Week One in Lanzarote: Tired Legs and Tan Lines


Two weeks in Lanzarote, my first proper training camp this year. I’ve left behind all distractions, internet access is limited as is the choice of TV; there isn’t much to do, but train. The island provides the perfect environment: the weather is good and climbs plentiful. It’s easy to work here. For the first time in months I’m training with Steven Lord, the partnership pushes me along, especially as I didn’t bring aerobars!

The plan had always been to freshen up before arriving in Lanzarote. An easy week to recover from the long training block that preceded it. Last minute changes to my schedule ensured I delivered on that front and with my bike being serviced there was no opportunity to ride. Seven days passed with limited running and swimming and not one day in the saddle. From forty continuous days of riding to nothing. If I thought my Two Day Rule was good, then Seven Days is something else! My form (TSB) hit its highest since January.

When it comes to my own training I tend to be ad hoc. Planning this trip I looked at last year’s diary and effectively duplicated it. No specific sessions or objectives; swim, bike and run as much as I could. It’s worked so far. In each sport I’ve been doing more than I normally would and probably more than I normally could. The motivation is there and I’ve pushed myself as I slowly stripped away that form I’d accumulated.

I haven’t followed my imprecise plans. Last year I alternated between days of long, hard biking and easier ones often not riding at all. Bike training stress would either be through the roof or negligible; the gap was filled with a much higher run training stress. This year I’ve been consistent, the first four days each contained a three to four hour ride of moderate stress. Rather than exhausting myself on day one I’ve gradually pulled myself back into negative TSB.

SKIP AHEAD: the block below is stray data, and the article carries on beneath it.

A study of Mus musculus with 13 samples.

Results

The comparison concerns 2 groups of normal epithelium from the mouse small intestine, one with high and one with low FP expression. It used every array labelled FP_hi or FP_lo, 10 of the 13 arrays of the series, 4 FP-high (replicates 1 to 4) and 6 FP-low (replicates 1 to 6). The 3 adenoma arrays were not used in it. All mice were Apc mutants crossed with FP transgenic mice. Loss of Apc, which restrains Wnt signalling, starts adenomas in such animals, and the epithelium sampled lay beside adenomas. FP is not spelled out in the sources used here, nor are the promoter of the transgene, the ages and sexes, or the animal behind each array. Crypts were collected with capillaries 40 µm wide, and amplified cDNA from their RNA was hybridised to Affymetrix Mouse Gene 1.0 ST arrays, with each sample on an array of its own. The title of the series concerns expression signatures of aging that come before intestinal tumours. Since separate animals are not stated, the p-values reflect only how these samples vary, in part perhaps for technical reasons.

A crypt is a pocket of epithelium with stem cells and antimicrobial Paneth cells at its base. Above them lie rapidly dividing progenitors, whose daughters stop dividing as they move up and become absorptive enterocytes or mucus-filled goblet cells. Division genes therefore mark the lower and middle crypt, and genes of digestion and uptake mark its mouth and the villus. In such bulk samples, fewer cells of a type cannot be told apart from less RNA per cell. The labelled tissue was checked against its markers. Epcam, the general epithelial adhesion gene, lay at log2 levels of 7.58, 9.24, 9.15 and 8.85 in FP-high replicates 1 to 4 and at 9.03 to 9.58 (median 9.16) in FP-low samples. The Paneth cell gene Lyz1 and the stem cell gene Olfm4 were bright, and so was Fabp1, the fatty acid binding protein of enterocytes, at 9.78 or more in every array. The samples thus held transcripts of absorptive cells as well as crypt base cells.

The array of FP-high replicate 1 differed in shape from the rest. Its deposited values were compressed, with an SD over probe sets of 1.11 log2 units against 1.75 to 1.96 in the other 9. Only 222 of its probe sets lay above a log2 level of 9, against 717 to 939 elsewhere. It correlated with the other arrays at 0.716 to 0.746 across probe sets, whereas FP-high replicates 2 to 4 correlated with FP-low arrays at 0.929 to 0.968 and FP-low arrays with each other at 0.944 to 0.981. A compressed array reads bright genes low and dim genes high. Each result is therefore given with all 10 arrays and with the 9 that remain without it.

A gentler introduction to the island and the training it can deliver. Each ride was of good quality and the signs of building fatigue were initially subtle. Only after the much bigger effort in my legs have I really noticed the training. Just in time for an easier sixth day. I’ll give my legs a chance to recover. A steady swim, an easy ride and later an easy run.

My Two Day Rule suggests I’d be best to take Monday easy too and I certainly won’t over do it. For this camp two five day blocks of hard training with a single recovery day between works well. It takes me to the Ironman when I’ll try a new kind of race day – one that still involves getting up early, but then spending my time at the side of the road cheering and encouraging those I know. I’ve two athletes racing here this year and I’m excited to see how they go.

Cycling has been my focus for a few months, but I’m swimming and running regularly whilst I’m here. Each morning I swim two laps of the course at 7am; 3.8km of swimming every day. After six days my arms are starting to feel the effect – there’s a definite fatigue, but also an improving feel for the water. I’m taking steps back to my former self and perhaps with another month might feel like a swimmer again. I’ve left it late in the year, but finally picked things up.

I’ve run on all but one day; short out and backs along the beach front with the usual emphasis on form. They feel fine and some pace is returning. At the same time I’m nervous about pushing further, the risk of more calf problems remains in the back of my mind. Reality is there’s not long till I next need to run a marathon, if I don’t run further in training it’s not going to be a pleasant prospect. A careful increase in volume is in order, nothing rushed and no expectations on pace.

But today I’m enjoying the sun and a Spanish cappuccino as I write this blog. Tomorrow I’ll return to work. The week ahead will offer more of the same culminating with a day watching others suffer through an Ironman. I’m looking forward to not participating! It’s tough out there. As the race approaches I’ll try to upload some photos from round the island and put together my thoughts on how to race the Ironman. It’ll be a useful reminder for when I return to do the course justice.